It was nearly two months ago that tornadoes tore through parts of the state. Now hard-hit communities are figuring out what to do with the mess left behind.
Voters in Southbury approved spending more than $1 million on storm cleanup.
On front yards across parts of the town, you’ll find right near the road big piles of debris from the May 15 storm.
Parts of trees either landed in the right-of-way or were placed there by homeowners.
Now the town says it’s time for them to go.
“We need to get this done no matter what. We need to get it cleaned up,” said Jeff Manville (R), Southbury's first selectman.
On Thursday at a Town Meeting, voters unanimously gave the okay to spend up to $1.7 million on the debris pickup.
The money will come from reserves.
“I’m hoping they change their rainy day fund to a windy day fund from now on. What caused all the problems was the wind,” said Richard Manville of Southbury.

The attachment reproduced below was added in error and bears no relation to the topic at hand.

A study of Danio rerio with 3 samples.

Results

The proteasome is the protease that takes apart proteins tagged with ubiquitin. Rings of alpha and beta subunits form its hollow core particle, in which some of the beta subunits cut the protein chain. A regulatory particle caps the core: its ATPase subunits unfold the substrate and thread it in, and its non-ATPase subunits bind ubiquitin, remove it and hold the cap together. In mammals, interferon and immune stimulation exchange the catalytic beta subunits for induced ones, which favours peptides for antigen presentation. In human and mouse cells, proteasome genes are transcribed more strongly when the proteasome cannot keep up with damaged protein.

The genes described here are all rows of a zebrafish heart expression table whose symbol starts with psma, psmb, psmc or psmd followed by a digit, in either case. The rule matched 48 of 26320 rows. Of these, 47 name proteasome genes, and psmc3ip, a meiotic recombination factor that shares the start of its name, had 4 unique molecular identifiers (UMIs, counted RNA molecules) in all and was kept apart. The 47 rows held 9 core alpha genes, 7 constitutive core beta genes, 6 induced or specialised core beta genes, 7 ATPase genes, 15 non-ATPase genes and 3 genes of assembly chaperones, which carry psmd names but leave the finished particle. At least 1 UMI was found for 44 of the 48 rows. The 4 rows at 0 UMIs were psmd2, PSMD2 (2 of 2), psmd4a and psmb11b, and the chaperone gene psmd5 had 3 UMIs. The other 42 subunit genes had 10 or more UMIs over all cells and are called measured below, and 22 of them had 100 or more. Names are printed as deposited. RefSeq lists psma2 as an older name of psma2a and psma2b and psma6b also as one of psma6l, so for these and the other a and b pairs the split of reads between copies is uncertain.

Those howling winds, along with a tornado, ripped through this community about two months ago.
There is still more work and repairs to go, after so many power lines and trees were damaged.
“Any help, any extra help we can get would be great,” said David Goewey who owns a home in Southbury.
Now the town is finding another way to help those still dealing with the destruction by hauling away debris by the road.
“It was a storm of that intensity and level. So it falls on broader shoulders than just the individual homeowners or individual town,” said Richard Manville.
Local leaders are hopeful that FEMA will reimburse the town for 75 percent of the cost of the program.
Next Monday at 7 p.m., people can show up to a meeting at Town Hall and let officials know what they think of the tornado response.